Transcript for Anderson, Rosella B. and Lilly B. Frandson, "A History of Hans Ulrich Bryner, Sr. and Hans Ulrich Bryner, Jr., 1-4
Hans Ulrich Bryner, Sr.
. . . Barbara and Casper [Bryner] came to America. They came to Utah in Richard Ballantine's [Ballantyne's] company and were the first Swiss Latter-day Saints to come to Zion. . . .
Hans Ulrich and Verena Wintsch, came in 1857. They, like most of the other pioneers came by ox team, and like most of the other pioneers had never driven an ox team before. It took money. Hans Ulrich had sold out his interest in the shoemaking business where his sons had worked; he sold his home, farm and his pure-bred cattle, and in fact, everything that he owned. They were allowed only seventeen pounds of baggage on the boat, so every available thing was sold. He converted it into gold because that was good exchange anywhere. He carried it in a well-made leather bag suspended over his shoulder and under his arm. Hans Ulrich opened his purse and bought his team and wagon. Around him were many poor saints who had neither wagon nor gold, so he opened his heart and bought wagons and teams for many who agreed to return the equivalent when they could procure it in Zion. It was a long, hard journey at best because he and his wife weren’t young.
One day a dog frightened a team of oxen which ran away, and then they had a regular stampede. Hans Ulrich, Sr.'s team ran away with his wife, Verena, and little grandson, Henry, in the wagon. In trying to catch and stop them he was badly hurt and picked up for dead. The team was finally stopped, and with the help of others, he was revived, but his arm was broken and his back was badly hurt. The arm healed, but his back was never right again. But he drove the rest of the way with a broken arm, so it was with a great deal of difficulty that he now drove his team.
Hans Ulrich, Sr. was more blessed than many other fathers who came to Zion. Every one of his family who had set out from the old home in Switzerland arrived in Utah. No one died along the way. . . .
Hans Ulrich Bryner, Jr.
. . . In 1856, Hans Ulrich, Jr. and his wife and some members of his family immigrated to Utah. The voyage took 42 days on the vessel "Enoch Train." Hans Ulrich, Jr.’s brother, Casper, had purchased a wagon and oxen, and Hans Ulrich, Jr.’s friend, Alowis Bauer, was to drive their outfit. Everything was ready for them to go on to Utah, but they were delayed in Iowa for two months waiting for 300 handcarts to be built for the others who were to be in their company.
They left Florence about the first of September, 1856. Travel by ox team was difficult for the pioneers, especially for Hans Ulrich, Jr. who could not see. He held onto the back of the wagon, and if the going got tough for the animals, he would help push the wagon. He stumbled over the rocks, bumps, ruts, hillocks and gopher holes, and was sometimes dragged along when he lost his footing.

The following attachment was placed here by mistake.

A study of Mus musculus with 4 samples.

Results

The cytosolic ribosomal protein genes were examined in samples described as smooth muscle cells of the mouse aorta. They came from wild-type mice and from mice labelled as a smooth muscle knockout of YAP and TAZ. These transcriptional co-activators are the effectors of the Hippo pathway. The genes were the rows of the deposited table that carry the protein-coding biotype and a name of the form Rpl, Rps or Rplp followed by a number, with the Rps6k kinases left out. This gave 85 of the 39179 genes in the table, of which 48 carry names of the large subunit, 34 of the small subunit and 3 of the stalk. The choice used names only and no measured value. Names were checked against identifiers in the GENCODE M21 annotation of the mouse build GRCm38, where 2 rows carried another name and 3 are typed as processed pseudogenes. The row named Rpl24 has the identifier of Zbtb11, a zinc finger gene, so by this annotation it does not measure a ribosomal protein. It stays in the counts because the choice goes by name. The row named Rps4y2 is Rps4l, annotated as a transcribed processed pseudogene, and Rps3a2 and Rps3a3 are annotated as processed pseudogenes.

The journey was slow and uneventful for the most part, but at times there was plenty of excitement. They had two yoke of oxen on their wagon. Usually the lead yoke had to be led. When the cattle stampeded, the driver would jump on the back of the lead oxen and beat them over the heads with a whip he always carried. This caused the oxen to shut their eyes, and then they would slow down. When Hans Ulrich, Jr.’s oxen stampeded, the driver broke his arm and the wagon was upset. An old lady who was riding with them, had been holding his little daughter Mary on her lap as she sat on the stove. In the upset, the wagon was turned over. Little Mary was on the bottom, but was saved by the old lady who shielded Mary by bracing on her arms. The old lady was so badly hurt that she died. Mary was given a blessing that she would live to be her father’s eyes, which she did for twelve years before she passed away.
The trip of about 1000 miles took nearly four months, and it got very cold when they were about half way. Hans Ulrich, Jr.’s legs and feet were frozen and frostbitten. Eventually they overtook the Martin Handcart company and were asked to take another family into their wagon, so they had to leave some of their belongings beside the road.
At the crossing of the Platte River, they were snowed in for eleven days. Sixteen people died, and the ground was frozen so hard that they couldn’t dig graves. They buried the dead just under the snow. Little Mary got so cold they thought she was frozen, but her father rubbed life back into her little cold body. Hans Ulrich, Jr. reported that at one time the snow was 9 feet deep, and the pioneers had to walk in front of the teams to tramp down the snow so the teams could pull the wagons.
In Wyoming, their condition got so desperate from the cold and lack of food. Word of their plight finally reached Salt Lake, and men and wagons were sent to rescue them. Hans Ulrich, Jr.’s brother, Casper, was among the rescue group, but missed Hans Ulrich, Jr.’s family. Finally, on December 24, 1856, Hans Ulrich, Jr. and his wife and daughter arrived in Salt Lake City.